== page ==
Explanatory style refers to the way in which we explain the causes and influences of the events in our lives. When something happens in our lives, our explanatory style is part of how we process it, the meaning we attach, and how we assess it as a threat or a challenge in our lives. It's made up of self-talk and self-perception. Our explanatory style can lead to more stress in our lives if it leans towards negative. However we can learn to modify our style to be more optimistic. The way that we can identify our own optimism or pessimism is through looking into our explanatory styles. There are three facets to our explanatory style.
Internal versus External (Personal)
Is the cause of an event within oneself or outside oneself? If you are having a difficult day and you see it as being "your fault," you'll feel more stressed than if you see it as being due to factors other than you.
Stable versus Unstable (Permanent)
Do you expect things to get better or worse? Or do you expect them to stay exactly as they are for a long time? This can make a difference in how stressful something seems.
Global versus Specific (Pervasive)
Is the stressor universal throughout one's life and affecting many things or specific to a part of one's life or specific situation.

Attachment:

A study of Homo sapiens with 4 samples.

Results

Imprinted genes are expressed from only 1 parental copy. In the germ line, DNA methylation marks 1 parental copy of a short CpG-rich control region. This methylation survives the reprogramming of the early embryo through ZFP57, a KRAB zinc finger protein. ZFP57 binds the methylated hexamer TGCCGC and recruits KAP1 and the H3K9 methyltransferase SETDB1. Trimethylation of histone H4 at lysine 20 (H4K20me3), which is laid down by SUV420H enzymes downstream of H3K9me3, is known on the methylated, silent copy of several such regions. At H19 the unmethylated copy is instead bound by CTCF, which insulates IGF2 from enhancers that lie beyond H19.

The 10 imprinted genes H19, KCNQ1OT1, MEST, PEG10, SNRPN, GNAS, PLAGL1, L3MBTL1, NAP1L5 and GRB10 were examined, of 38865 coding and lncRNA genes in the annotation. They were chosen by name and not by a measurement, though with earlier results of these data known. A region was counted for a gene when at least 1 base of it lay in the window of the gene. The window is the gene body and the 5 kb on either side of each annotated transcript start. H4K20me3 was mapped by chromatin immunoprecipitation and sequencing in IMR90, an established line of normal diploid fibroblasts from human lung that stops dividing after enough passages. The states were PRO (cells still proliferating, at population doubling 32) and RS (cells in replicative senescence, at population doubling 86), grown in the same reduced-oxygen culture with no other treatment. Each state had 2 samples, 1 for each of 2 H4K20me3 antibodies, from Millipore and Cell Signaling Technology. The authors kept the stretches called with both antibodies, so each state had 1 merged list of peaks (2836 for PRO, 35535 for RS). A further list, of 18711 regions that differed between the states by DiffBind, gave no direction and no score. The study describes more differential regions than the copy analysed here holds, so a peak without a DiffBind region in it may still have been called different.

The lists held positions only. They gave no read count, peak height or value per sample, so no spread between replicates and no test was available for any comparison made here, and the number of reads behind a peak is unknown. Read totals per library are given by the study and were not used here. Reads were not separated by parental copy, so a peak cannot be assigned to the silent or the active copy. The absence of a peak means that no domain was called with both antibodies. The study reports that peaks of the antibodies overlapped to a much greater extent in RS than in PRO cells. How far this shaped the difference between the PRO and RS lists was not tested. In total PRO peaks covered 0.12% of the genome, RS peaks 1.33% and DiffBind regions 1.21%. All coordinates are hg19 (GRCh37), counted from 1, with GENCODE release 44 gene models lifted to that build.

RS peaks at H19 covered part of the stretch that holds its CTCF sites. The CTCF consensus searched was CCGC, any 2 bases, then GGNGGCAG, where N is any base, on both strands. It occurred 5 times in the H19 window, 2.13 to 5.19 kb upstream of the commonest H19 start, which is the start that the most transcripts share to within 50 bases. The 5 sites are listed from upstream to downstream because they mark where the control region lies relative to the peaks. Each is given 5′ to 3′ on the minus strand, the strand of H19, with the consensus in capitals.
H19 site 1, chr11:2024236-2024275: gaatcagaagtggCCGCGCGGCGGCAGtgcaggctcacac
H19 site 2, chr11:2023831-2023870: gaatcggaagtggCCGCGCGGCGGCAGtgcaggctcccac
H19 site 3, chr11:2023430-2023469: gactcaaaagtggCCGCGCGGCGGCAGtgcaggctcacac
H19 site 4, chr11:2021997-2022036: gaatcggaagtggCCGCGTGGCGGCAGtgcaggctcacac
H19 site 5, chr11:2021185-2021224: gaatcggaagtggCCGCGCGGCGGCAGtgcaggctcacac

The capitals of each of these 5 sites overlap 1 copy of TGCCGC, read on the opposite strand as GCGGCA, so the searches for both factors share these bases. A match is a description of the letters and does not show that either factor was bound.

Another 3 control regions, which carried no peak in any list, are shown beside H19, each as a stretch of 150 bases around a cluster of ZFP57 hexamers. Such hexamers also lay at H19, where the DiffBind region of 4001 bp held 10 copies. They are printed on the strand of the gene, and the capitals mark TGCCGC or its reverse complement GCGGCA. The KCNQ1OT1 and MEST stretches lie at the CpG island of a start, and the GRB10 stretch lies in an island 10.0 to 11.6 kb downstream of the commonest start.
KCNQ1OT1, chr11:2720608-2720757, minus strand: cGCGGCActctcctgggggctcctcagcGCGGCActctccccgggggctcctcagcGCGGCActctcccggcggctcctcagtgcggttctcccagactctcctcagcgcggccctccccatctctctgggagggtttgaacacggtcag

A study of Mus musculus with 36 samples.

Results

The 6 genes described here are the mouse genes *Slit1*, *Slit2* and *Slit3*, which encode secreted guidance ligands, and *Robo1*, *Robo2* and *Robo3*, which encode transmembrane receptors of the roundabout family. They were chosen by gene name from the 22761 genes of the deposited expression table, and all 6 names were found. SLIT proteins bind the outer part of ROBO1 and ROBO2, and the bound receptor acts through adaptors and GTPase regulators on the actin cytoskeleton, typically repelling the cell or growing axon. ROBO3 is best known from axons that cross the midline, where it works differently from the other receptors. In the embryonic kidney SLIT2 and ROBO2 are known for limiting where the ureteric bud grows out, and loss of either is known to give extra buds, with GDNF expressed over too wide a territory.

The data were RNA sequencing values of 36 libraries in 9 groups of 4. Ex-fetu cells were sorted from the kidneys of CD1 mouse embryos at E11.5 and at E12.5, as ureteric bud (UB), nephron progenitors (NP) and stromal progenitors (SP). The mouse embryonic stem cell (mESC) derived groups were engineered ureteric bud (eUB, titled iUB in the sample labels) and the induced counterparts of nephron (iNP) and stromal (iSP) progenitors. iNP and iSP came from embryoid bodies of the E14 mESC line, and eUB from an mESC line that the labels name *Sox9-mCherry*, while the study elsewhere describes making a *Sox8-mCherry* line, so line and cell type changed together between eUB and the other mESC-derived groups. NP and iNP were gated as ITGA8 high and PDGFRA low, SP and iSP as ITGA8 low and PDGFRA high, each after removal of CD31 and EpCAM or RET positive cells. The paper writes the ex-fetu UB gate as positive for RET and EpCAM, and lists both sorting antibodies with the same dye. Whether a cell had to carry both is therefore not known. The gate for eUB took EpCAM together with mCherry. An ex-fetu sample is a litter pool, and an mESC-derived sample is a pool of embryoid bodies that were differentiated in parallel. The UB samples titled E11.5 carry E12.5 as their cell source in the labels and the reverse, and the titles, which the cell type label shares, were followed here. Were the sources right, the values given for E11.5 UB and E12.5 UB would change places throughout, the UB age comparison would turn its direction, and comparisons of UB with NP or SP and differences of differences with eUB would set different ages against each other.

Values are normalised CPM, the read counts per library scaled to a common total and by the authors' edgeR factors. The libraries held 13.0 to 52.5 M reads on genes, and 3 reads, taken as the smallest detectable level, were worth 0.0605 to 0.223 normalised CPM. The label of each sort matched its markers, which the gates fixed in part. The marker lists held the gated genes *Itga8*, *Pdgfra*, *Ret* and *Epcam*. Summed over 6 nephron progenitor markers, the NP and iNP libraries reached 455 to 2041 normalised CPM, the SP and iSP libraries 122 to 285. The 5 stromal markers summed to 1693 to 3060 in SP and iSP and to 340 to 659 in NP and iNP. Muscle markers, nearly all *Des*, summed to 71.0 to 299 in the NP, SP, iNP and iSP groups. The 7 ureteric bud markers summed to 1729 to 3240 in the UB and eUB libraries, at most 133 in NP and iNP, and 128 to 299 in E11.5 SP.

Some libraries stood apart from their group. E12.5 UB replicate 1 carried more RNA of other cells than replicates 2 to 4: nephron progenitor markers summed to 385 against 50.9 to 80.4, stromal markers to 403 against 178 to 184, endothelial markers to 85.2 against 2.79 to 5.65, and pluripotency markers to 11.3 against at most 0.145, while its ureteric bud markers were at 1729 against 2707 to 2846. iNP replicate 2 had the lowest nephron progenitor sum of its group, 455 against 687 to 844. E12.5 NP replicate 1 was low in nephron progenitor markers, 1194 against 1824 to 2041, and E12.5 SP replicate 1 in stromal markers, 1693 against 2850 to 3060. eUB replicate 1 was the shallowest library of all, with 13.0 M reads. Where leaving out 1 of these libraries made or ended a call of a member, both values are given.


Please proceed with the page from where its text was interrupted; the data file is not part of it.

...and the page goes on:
Ilona Boniwell writes in her book ‘Positive Psychology in a Nutshell’ (2012), that “a pessimistic explanatory style means we use internal, stable and global explanations for bad events, and external, unstable and specific explanations for good ones.” People who use the pessimistic explanatory style tend to appraise bad events in terms of personal failure.
An optimistic explanatory style, on the other hand, is characterised by external (leaving one’s self-esteem intact), unstable (temporary) and specific (depending on circumstances) explanations for bad events and by the opposite pattern for good ones.”
Explanatory styles affect how we perceive the world, which can affect our experience of stress as well as our reactions to our stressors. Our explanatory style can be altered and changed through attention and practice. Through noticing our self talk and self perceptions. We can create an opportunity to modify our thoughts by seeing bad events as external, unstable and global. Making changes to our explanatory style can increase our wellbeing and positivity and minimise stress.
We should keep in mind however, that “there are times where it would not be best for an individual to be too optimistic” (Diener, 2003). That’s why we suggest that realistic optimism might be a better alternative. We’ll look into this in next week’s blog.